TORONTO — Brent Barr has a wistful affection for the weekend tradition of flyer browsing.
Every Saturday morning, he and his wife gather at the breakfast table to rifle through a stack of newsprint ads from the local grocery stores and retailers, on the hunt for an especially attractive deal.
“It’s funny how it’s become just part of what we do,” said Barr, an instructor at Ryerson’s Ted Rogers School of Management.
“We literally go through each one of the flyers.”
But lately, that pile of weekly flyers is getting noticeably thinner as the ripples of COVID-19 affect the retail sector. Industry observers say it could be the global pandemic that finally sounds the death knell for the time-honoured marketing tool.
The decline of paper flyers has been ongoing since digital versions gained in popularity, but amid the pandemic some retailers are flirting with a wider phase-out of the format.
Last month, a number of brands owned by Loblaw Companies Ltd. pulled their in-store flyers as a preventative measure partly in response to concerns the newsprint could become a vehicle for the virus to spread.
Once that change took shape, the company went a step farther by announcing plans to permanently stop producing paper flyers for several of its chains, including No Frills, Real Canadian Superstore and Maxi.
Spokeswoman Catherine Thomas described the move as “transitioning” into a digital medium, as promotions shift to online spaces and through the PC Optimum app, which includes a weekly digital flyer.
Canadian Tire began testing the fate of its own flyers on Friday when it notified customers that it had “temporarily paused” distribution in Ontario, while shoppers outside the province would be handed single-use paper copies at stores upon request.
Walmart Canada paused its print flyer for two weeks early in the COVID-19 pandemic but has since resumed production.
Elsewhere, a representative for Montreal-based grocer Metro Inc. last week said the company plans to maintain its flyers. Sobeys and Safeway owner Empire Co. did not respond to requests for comment.
The decision by Loblaw to reduce its flyer production could influence others in the industry to reconsider how they allocate their marketing budgets, said Brynn Winegard, a marketing and retail analyst.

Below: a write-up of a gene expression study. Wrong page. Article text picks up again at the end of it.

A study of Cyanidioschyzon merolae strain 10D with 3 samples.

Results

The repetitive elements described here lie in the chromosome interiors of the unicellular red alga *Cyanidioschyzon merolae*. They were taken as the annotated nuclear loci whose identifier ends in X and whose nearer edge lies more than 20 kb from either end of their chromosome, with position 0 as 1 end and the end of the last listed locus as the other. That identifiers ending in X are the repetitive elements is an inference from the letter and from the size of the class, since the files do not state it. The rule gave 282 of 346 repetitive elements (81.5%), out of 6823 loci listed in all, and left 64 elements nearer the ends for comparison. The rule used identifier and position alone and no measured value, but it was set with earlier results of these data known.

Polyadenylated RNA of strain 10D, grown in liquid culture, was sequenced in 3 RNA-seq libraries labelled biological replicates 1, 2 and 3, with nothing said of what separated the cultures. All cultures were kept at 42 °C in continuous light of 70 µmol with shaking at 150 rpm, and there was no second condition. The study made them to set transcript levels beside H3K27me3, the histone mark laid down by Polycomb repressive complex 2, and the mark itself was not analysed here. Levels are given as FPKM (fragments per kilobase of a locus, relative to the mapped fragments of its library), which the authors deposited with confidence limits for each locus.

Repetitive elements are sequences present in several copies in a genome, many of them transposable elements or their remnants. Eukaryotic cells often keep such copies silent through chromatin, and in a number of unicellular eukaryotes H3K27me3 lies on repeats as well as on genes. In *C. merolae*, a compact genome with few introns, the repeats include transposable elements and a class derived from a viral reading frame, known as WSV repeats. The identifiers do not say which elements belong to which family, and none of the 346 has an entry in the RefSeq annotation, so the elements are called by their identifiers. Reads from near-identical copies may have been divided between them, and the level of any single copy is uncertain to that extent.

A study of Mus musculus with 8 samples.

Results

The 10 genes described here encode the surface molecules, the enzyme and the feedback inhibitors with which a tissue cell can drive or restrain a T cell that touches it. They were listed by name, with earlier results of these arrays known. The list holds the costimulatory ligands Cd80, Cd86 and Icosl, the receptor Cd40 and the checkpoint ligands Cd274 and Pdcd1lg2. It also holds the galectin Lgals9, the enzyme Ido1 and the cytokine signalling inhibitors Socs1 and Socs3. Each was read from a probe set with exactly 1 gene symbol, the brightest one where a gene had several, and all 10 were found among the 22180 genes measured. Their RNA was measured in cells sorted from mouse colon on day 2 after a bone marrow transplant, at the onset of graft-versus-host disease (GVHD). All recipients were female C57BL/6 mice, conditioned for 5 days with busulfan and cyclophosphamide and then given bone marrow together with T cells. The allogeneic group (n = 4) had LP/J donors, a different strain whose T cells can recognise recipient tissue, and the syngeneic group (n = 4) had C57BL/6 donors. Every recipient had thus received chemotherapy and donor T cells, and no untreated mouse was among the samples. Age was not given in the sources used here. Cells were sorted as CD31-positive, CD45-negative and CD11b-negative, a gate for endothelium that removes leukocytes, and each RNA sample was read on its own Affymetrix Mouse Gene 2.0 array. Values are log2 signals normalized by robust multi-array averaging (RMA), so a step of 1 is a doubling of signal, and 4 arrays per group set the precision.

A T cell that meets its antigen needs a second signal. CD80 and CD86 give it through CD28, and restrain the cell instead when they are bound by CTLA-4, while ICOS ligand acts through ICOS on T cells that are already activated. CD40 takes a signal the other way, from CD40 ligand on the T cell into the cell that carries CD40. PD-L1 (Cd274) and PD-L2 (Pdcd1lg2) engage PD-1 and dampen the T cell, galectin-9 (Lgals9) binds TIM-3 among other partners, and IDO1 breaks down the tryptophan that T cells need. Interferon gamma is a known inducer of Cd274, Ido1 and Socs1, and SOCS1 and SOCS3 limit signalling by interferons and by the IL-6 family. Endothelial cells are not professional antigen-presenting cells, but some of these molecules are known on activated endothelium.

She pointed to a growing number of shoppers across all demographics who use their phones to compare competitor’s prices while in a particular store, making the traditional flyer less effective from the perspective of retailers.
Add to that the financial uncertainties for businesses operating in a pandemic, and Winegard expects more retailers will adopt a “pivot or perish” instinct as they search for ways to eliminate costs.
“We haven’t seen anything like this before — no one has in any industry,” she said.
“But if you’re not flexible and nimble in the way that you do business, you’re not likely to survive.”
Digital flyers have existed in the retail space for the better part of a decade, with online tools Flipp and Save.ca amassing a database of weekly editions from major chains, while web forums such as Red Flag Deals debate who has the best deals.
The cultural shift leaves industries that rely on the revenues of print production and flyer distribution, vulnerable ahead of what economists predict will be a devastating recession.
Newsprint producers count on retail advertisers to keep operations humming, while many of the country’s newspapers stay afloat partly on the support of nationwide inserts from major chains.
Canada Post, which handles the weekly delivery of flyers through its direct-mail service, said it has seen a “notable decline” in this part of its operations “as companies re-evaluate their business priorities during this unprecedented time.”
It’s too early to determine exactly how many paper flyers will disappear in the coming months, but Barr suggested that if retailers are looking to exit the business without angering many customers, now could be an opportune time.
He pointed to elderly shoppers who might’ve been reluctant to adopt computers before COVID-19, but are now forced to communicate by digital devices to maintain contact with their families. He said that’s opened up the likelihood they would entertain the thought of a digital flyer.
“I think most people will recognize that it’s a requirement for now,” he said, “and once they get used to it, they will not be that apprehensive in the future.”